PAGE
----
News Date
September 8, 2022
By Gaby Camacho


Keri Hurley
Keri Hurley
Assistant Clinical Professor,
Department of Clinical Pharmacy
Practice, School of Pharmacy and
Pharmaceutical Sciences

In fall 2021, the UCI School of Pharmacy and Pharmaceutical Sciences launched its inaugural cohort of PharmD, or Doctor of Pharmacy, students. The creation of this new academic program on campus offered UCI Libraries an opportunity to extend our reach and collaborate with faculty and staff to provide students with the necessary resources to succeed in their coursework.

Hector R. Perez-Gilbe, research librarian for health sciences, served as the liaison to the School of Pharmacy and Pharmaceutical Sciences. Perez-Gilbe, who is responsible for managing the health sciences collections for UCI Libraries, attended the PharmD orientation and faculty meetings to connect with stakeholders and learn more about the resources needed to build the core collection of pharmacy textbooks and other materials.

“It is vital that our students have consistent, user-friendly access to course resources. Hector made sure that happened before our first cohort of PharmD students even arrived on campus last fall,” says Keri Hurley, assistant clinical professor at the Department of Clinical Pharmacy Practice at the School of Pharmacy and Pharmaceutical Sciences.



“The most important and valuable part of my job is negotiating with publishers, identifying if a resource qualifies for purchase or subscription based on content and accessibility,” shares Perez-Gilbe. “I also maintain open communication channels with the academic departments to identify needs of informational resources.”

To acquire new content, Perez-Gilbe identifies the appropriate publisher to request information about the content and access details. If the resource is within the scope of the program and access is compatible with UCI Libraries’ requirements, he performs a cost assessment. Some publishers have pricing models that use full-time equivalent (FTE) as a formula to calculate cost. Perez-Gilbe explains that may not be cost effective when a resource will only be used by a small number of users because the topic is too specific within a discipline, like nephrology.

“In that case, we negotiate better pricing,” he says. “There are many parts to subscribing or purchasing information that need to be looked at and negotiated with the vendor to maximize our budget and provide the resources our users need.”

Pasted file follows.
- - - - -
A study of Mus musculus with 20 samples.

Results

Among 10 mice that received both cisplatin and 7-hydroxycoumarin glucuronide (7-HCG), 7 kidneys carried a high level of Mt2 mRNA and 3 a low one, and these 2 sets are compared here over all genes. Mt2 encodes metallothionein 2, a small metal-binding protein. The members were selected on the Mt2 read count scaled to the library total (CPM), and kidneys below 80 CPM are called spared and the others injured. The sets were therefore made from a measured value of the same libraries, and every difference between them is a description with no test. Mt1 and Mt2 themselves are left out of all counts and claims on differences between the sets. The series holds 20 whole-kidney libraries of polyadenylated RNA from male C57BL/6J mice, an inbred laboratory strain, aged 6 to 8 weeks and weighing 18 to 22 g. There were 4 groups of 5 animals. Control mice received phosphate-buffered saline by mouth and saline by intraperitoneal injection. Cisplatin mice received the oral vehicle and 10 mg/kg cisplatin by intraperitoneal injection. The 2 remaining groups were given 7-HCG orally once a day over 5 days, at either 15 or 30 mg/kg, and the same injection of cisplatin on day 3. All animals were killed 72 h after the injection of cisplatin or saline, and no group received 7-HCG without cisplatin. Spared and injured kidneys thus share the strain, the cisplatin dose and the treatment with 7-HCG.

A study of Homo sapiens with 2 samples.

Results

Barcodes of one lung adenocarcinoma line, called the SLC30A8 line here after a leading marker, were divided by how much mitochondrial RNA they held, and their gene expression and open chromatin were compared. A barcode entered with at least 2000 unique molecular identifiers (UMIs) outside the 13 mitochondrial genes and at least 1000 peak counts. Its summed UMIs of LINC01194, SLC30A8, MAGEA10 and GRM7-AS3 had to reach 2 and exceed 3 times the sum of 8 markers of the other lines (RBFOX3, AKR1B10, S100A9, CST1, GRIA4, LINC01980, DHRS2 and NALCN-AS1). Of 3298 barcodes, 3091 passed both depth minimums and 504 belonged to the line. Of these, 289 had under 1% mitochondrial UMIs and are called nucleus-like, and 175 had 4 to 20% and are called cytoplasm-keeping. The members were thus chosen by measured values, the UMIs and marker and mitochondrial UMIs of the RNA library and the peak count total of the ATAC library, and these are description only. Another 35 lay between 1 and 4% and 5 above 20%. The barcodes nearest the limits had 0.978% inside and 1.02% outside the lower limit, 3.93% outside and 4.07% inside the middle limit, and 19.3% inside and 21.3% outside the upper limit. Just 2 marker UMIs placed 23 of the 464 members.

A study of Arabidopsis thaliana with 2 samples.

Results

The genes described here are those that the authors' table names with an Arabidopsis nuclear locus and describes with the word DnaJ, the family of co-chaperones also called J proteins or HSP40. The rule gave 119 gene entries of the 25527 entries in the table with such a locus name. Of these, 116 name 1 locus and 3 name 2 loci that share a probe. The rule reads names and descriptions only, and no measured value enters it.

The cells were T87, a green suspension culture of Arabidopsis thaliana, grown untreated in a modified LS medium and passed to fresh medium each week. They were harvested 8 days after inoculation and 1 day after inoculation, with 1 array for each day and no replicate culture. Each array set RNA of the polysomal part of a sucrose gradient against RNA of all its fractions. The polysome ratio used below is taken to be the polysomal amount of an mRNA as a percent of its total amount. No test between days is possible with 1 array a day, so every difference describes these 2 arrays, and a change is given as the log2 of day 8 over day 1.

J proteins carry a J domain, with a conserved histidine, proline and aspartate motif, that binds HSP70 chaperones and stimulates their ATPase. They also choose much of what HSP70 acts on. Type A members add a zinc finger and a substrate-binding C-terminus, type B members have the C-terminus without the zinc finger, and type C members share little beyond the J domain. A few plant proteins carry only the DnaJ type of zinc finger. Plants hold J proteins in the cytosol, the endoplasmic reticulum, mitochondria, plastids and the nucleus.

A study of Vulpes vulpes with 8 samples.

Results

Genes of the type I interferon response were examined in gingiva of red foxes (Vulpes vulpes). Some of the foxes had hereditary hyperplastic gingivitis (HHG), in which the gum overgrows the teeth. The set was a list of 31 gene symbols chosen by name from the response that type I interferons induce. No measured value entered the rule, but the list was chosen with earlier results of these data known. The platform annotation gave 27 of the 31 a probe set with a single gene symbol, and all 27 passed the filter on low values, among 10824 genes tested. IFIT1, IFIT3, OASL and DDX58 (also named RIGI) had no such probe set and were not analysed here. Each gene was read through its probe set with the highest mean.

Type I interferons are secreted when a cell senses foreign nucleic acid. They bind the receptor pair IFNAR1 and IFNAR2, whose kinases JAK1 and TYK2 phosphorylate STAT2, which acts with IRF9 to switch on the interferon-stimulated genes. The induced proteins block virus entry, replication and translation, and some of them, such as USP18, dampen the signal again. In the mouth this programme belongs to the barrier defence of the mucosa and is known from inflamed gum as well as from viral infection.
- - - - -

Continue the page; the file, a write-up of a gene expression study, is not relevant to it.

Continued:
Once Perez-Gilbe determines a resource can be purchased, the resource information is provided to the Acquisitions Department, which finalizes the purchase through agreements and other required documents.



“A pharmacist’s superpower is an ability to use resources effectively and efficiently, together with our background knowledge, to answer complex questions and take care of patients,” says Hurley who worked closely with Perez-Gilbe to identify essential resources for the new PharmD program.

According to Hurley, providing high-quality pharmaceutical care means practicing in a constantly changing landscape and knowing where to find and how to use information is a key skill for pharmacists and student pharmacists.

Launching new academic programs often means many of the faculty will also be new to the campus. Having support and expertise from a librarian is often helpful for faculty working on research or course design.

“It can be overwhelming to teach the first iterations of a new curriculum, but I have had a very positive experience of finding support within our department, school, and the university and all other aspects of my position,” says Hurley.

In addition to helping faculty build the library of course resources, Perez-Gilbe helps with the initial stages of research by providing literature search strategies and executing searches using various medical databases available through UCI Libraries. Helping close the gap in the literature by assisting with the publication of research is one of the things Perez-Gilbe finds most rewarding about his work at the Libraries.


To contact Hector R. Perez-Gilbe or other UCI Libraries subject-matter experts, visit the UCI Libraries Subject Librarians webpage.